Fans Create Cash

by Mack Collier

Last month Jackie wrote a post on her blog with a pretty significant business nugget that I think a lot of people missed:

“Dell has been using the Net Promoter Score (NPS) to measure customer advocacy for the last three years. According to Bobbi Dangerfield, Dell’s VP of Commercial Sales Operations, the company is now able to show that improvements in NPS score directly tie to revenue growth”

Net Promoter Score is a system that attempts to ‘score’ your customer base and tell you if they are fans or detractors.  A score of -100 indicates that all your customers are detractors, while a score of +100 indicates all your customers are fans. Now NPS isn’t perfect and does have its detractors.  But what this means is that as the percentage of Dell’s customers that promote the brand increases, the company’s revenue also grows.

Fans create cash.

How many times have I said here and elsewhere don’t focus on the tools, focus on the connections that the tools help facilitate.  Understanding Twitter is meaningless if you don’t understand how and why your customers are using it.

Understanding your customers trumps understanding marketing/communication channels.  Understanding your fans is even more important.  Here’s what we do know about fans:

1 – They will look for opportunities to promote you

2 – They assume ownership of your brand and will act in what they perceive to be your brand’s best interests

3 – They have high/extremely high levels of loyalty to your brand, which means they spend more than the average customer that has little to no brand loyalty

4 – Their opinions about your brand is more reliable to the average customer than your brand’s advertising.

5 – When they encounter a problem with your brand (bad customer service, defective product or low quality) they will look for ways to bring this to your attention so you can correct the problem.

 

Let’s look at each of these individually:

Fans will look for opportunities to promote you

You know when you find an amazing blog post that really resonated with you?  You just have to run to Twitter and Facebook and share it with your friends, right?  Why is that?  Because you found value in the post, and want to share that value with others.  Your brand’s fans have the same mentality, they believe that your brand is simply better than other brands, and by extension they feel that if their friends buy your brand, they will also be better.  This is why your fans will go out of their way to promote your brand, because they love your brand and they love their friends.

Fans assume ownership of your brand and act in what they believe to be its best interests 

This honestly scares many brands because they don’t like the idea of having fans out there speaking on the brand’s behalf unchecked.  But this concern is easily overcome by simply connecting with your brand’s fans.  Communicate to them and give them instruction on how to represent your brand.  Your fans want you to connect with them and give them a sense of direction.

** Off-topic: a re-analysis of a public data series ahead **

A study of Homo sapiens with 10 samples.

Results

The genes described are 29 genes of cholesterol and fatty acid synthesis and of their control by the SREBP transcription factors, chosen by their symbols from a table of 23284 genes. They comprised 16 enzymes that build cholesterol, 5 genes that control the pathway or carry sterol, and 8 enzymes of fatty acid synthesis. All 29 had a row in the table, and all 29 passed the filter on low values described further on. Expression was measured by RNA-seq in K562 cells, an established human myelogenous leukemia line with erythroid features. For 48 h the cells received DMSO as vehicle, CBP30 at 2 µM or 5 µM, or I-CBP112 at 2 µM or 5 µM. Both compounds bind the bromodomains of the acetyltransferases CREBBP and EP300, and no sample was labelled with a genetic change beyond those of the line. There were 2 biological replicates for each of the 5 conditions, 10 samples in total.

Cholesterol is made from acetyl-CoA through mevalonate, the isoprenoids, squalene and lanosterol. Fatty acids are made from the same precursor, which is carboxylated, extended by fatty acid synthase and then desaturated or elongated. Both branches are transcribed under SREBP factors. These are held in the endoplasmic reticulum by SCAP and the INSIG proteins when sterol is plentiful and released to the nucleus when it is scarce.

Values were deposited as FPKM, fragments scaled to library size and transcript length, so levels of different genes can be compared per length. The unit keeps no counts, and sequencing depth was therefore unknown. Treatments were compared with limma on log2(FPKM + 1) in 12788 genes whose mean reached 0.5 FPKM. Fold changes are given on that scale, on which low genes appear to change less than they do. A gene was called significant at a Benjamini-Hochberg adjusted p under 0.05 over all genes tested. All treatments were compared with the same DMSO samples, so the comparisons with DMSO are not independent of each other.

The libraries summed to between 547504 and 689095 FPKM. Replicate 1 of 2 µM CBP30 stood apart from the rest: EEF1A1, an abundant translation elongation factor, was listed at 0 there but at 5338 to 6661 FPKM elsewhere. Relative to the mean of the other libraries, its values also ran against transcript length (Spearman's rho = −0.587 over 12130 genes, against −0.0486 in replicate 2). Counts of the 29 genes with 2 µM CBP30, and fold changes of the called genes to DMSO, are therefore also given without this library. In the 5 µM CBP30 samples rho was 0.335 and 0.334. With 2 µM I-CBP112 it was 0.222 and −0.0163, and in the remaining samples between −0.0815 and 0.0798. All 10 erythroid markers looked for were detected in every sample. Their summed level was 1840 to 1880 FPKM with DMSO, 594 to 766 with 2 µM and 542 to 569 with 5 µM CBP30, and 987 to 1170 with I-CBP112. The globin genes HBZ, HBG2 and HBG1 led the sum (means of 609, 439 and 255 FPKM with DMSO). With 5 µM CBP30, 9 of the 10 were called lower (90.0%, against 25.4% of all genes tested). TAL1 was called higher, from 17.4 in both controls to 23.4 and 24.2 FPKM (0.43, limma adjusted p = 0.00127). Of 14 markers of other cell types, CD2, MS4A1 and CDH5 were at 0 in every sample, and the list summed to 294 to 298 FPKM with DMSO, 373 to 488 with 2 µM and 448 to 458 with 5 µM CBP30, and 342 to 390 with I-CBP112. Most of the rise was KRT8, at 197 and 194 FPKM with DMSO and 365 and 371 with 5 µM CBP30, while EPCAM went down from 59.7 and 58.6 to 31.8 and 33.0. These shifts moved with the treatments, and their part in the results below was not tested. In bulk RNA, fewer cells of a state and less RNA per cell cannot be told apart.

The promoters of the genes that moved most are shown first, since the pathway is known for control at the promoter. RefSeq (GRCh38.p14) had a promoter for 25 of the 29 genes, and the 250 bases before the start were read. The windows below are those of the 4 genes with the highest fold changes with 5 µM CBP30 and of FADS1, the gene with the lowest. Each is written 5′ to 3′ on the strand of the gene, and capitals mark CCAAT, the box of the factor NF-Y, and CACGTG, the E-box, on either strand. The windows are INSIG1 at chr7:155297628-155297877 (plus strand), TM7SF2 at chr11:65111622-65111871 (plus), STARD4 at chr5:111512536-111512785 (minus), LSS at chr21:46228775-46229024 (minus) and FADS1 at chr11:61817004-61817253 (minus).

Your fans have high levels of brand loyalty and spend more

Your fans support your brand with their wallet.  They buy your products, and then they try to convince other customers to do the same thing.  This is exactly why rock stars don’t focus the majority of their time and marketing on their new customers, they focus their attention on their fans.  Because rocks stars have always understood that their ability to bring in new customers tomorrow, depends on how well they connect with their biggest fans, today.

Your fan’s opinion is more reliable to the average customer than your brand’s advertising

This ties in with the previous point.  Fans spend more, and they also refer business to your brand.  Your fans promote you and that carries more weight with the average customer than your advertising and marketing efforts.  This is another reason why rock stars connect with their fan because they understand that their fans drive new business for the rock star.  Brands are mostly counting on acquiring new customers via overpriced advertising.  Super Bowl spots have already sold out at $4M a pop for a 30-second spot.  All for the hope that each brand’s spot will be the hit of the night and go viral and draw millions of views.  Creating buzz is the name of the game.

Yet for a tiny fraction of that amount, each brand could create and launch a robust brand ambassador program that would provide sustained revenue, improved customer satisfaction, and lower marketing costs for years to come.

When your fans encounter a problem with your brand, they will bring it to your attention to you can fix it

Want to know the difference between a detractor and a fan?  A detractor will say ‘Your brand sucks!’  A fan will say ‘Your brand sucks, here’s how I think we can work together to fix it’.  Your fans assume ownership of your brand, and thusly have a vested interest in seeing it succeed.  They will actively look for problems with your brand, because they want to bring it to your attention so it can be corrected.

 

So what’s stopping your brand from connecting with its fans and seeing real business growth as a result like Dell has?  And if you need a plan for how to get started embracing and empowering your fans to grow your business, here it is.

{ 1 comment }

Chris Baldwin January 16, 2013 at 4:11 pm

Couldn’t agree more with the concepts advanced here. Fans are becoming the far more effective (and far more cost-effective!) marketing team. Thanks for the post Mack!